WASHINGTON -- As yet another government shutdown threat looms, a new mood of resignation has settled over the federal Office of Personnel Management.
Gone are the outrage, frustration and confusion of just three weeks and two near-government-shutdowns ago. Emotionally spent OPM employees this time are finding it more difficult to get worked up.
"People are rather numb at this stage of the game," OPM spokesman Richard McGowan said. "There's a what-will-be-will-be attitude."
Unlike earlier this month, when the OPM received a steady stream of calls from panicked federal workers, Mr. McGowan said the telephone has been relatively quiet. Now government agencies and employees know the shutdown contingency plans, he said, and are sitting tight to see what happens in Congress.
The question once again is whether budget negotiators can devise a plan that will pass the muster of both the president and Congress before midnight tonight, when the current federal spending resolution expires. If they cannot, congressional leaders are expected to try to pass a new short-term spending resolution for the president's approval.
White House officials were giving no clues yesterday afternoon on whether the president would refuse -- as he did earlier this month -- to approve another short-term measure and force a government shutdown.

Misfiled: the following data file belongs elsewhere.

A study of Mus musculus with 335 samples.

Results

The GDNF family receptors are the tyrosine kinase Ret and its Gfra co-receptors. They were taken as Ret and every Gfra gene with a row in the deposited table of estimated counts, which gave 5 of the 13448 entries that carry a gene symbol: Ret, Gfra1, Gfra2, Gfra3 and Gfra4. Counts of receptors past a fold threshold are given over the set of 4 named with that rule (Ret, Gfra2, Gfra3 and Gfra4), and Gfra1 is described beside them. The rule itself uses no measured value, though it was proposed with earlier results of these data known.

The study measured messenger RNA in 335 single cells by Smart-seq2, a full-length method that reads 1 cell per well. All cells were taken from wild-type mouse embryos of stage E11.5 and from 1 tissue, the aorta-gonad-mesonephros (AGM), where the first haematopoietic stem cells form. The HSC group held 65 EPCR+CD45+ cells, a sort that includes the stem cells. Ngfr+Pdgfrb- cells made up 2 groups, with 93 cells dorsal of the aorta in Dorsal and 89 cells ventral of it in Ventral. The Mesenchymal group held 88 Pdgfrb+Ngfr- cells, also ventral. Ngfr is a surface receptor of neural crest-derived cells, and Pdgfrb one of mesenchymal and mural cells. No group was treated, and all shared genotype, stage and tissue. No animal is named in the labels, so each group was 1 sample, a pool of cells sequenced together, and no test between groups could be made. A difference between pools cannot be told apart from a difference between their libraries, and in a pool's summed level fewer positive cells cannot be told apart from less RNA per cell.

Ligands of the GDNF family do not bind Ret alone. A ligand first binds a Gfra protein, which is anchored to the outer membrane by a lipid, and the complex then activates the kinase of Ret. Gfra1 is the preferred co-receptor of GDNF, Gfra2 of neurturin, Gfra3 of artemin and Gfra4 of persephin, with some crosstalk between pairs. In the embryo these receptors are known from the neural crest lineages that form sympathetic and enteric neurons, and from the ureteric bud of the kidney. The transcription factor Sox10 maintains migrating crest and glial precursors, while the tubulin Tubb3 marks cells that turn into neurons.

"Right now it's all a guessing game," Mr. McGowan said. He said the OPM expected to receive word from the Office of Management and Budget today about whether to begin instructing federal agencies to prepare to close shop.
As a result of the two close calls earlier this month, including the forced suspension of government operations during the Columbus Day weekend, each federal agency's shutdown contingency plans are already in place.
One OMB official, who asked not to be identified, said the agency had not issued any specific instructions regarding the latest shutdown threat. But he said that even if a last-minute short-term spending measure failed tonight, federal workers should report to work tomorrow and be prepared to work at least three hours to begin closing down the government.
Meanwhile, OPM employees "are trying to be optimistic," Mr. McGowan said. "Right now, it's sit and wait and hope."